American writer and mythologist Joseph Campbell once said that “the job of an educator is to teach students to see the vitality in themselves.” When StoryCorps Door-to-Door traveled to our nation’s capital as part of StoryCorps’ National Teacher’s Initiative, we met those very educators, the the men and women who dedicate themselves to the teaching profession and the positive impact they make on our education system. We partnered with District of Columbia Public Schools, who invited a few of its public school teachers and students to record stories of how their passion and creativity inspire young people to learn and grow in the classroom. Lisa Jones was one of those teachers.
Lisa arrived at StoryCorps with one of her former 4th-grade students, Louis Wingfield, III. Louis began the conversation describing what he was like before entering Lisa’s class. “I would describe myself as shy,” he said. “I was just waiting for a teacher that was really good. I was waiting for a chance to express myself as the real me.”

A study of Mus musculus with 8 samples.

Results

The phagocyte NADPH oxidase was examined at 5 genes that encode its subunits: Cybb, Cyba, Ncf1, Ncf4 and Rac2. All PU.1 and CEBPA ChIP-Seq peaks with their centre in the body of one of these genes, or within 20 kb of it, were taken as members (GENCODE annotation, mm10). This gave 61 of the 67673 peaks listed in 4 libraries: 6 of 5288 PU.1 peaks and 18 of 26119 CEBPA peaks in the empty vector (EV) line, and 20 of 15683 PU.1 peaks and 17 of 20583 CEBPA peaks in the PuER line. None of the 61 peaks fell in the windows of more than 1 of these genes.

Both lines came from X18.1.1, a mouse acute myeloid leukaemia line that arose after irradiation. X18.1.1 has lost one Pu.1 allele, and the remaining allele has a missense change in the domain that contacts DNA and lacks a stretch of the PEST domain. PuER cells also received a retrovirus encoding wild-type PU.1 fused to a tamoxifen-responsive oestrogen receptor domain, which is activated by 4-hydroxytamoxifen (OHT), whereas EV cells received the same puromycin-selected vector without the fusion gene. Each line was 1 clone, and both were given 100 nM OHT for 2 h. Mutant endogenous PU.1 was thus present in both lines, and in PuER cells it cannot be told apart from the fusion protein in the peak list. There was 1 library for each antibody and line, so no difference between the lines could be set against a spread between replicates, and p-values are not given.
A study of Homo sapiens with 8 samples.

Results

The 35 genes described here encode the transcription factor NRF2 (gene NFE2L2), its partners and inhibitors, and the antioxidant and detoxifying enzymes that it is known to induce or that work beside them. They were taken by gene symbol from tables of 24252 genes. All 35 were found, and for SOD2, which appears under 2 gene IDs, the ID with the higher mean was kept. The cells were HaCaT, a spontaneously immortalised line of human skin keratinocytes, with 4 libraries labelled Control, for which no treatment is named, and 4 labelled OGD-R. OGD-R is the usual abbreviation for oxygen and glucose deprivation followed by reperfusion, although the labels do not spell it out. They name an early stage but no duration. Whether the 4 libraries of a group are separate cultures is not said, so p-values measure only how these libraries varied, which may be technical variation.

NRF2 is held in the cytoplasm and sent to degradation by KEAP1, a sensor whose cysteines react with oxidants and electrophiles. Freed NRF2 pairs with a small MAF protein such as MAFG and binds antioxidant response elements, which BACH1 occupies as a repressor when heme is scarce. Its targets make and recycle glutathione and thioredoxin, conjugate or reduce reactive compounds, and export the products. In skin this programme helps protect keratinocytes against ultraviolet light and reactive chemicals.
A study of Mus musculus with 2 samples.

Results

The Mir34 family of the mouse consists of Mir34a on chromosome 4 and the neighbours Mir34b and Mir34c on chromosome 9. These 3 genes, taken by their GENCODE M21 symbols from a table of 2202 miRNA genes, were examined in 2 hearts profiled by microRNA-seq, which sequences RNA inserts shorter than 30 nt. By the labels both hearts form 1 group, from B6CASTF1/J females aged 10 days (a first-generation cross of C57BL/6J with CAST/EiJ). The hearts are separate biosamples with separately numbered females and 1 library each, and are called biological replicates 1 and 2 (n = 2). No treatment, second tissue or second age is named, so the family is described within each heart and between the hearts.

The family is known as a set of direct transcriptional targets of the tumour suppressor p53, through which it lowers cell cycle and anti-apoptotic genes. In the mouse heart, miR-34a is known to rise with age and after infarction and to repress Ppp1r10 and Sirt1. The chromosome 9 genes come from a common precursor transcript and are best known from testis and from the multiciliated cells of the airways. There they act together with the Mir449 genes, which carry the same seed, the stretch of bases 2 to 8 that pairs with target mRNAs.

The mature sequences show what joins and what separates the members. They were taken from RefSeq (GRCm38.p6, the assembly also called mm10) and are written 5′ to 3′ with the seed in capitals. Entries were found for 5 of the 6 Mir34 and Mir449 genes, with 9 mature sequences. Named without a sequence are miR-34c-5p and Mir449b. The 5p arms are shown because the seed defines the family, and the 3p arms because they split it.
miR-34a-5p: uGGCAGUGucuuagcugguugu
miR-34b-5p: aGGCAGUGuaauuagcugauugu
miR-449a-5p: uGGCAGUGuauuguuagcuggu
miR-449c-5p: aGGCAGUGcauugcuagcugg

As it turned out, Lisa was the teacher Louis had been waiting for. When Lisa discovered that Louis had an uncanny ability to dance like Michael Jackson, she hinted that he should perform his moves at the school-wide assembly. “There were a lot of kids sitting there,” Louis remembered. “I got up on the stage and I looked, and I thought ‘This isn’t that bad.’ You told me ‘Don’t be nervous or afraid because you are doing what you like and you do it well.’”
Because of Lisa’s guiding hand, Louis is now a rising 6th grader with aspirations in law or medicine. He is no longer reticent to share himself with those around him. Through our National Teacher’s Initiative, StoryCorps hopes to record more stories like the one shared by Louis and Lisa and the positive effect teachers have on their students throughout the country.
Check our website this Fall for information about the official launch of the National Teacher’s Initiative.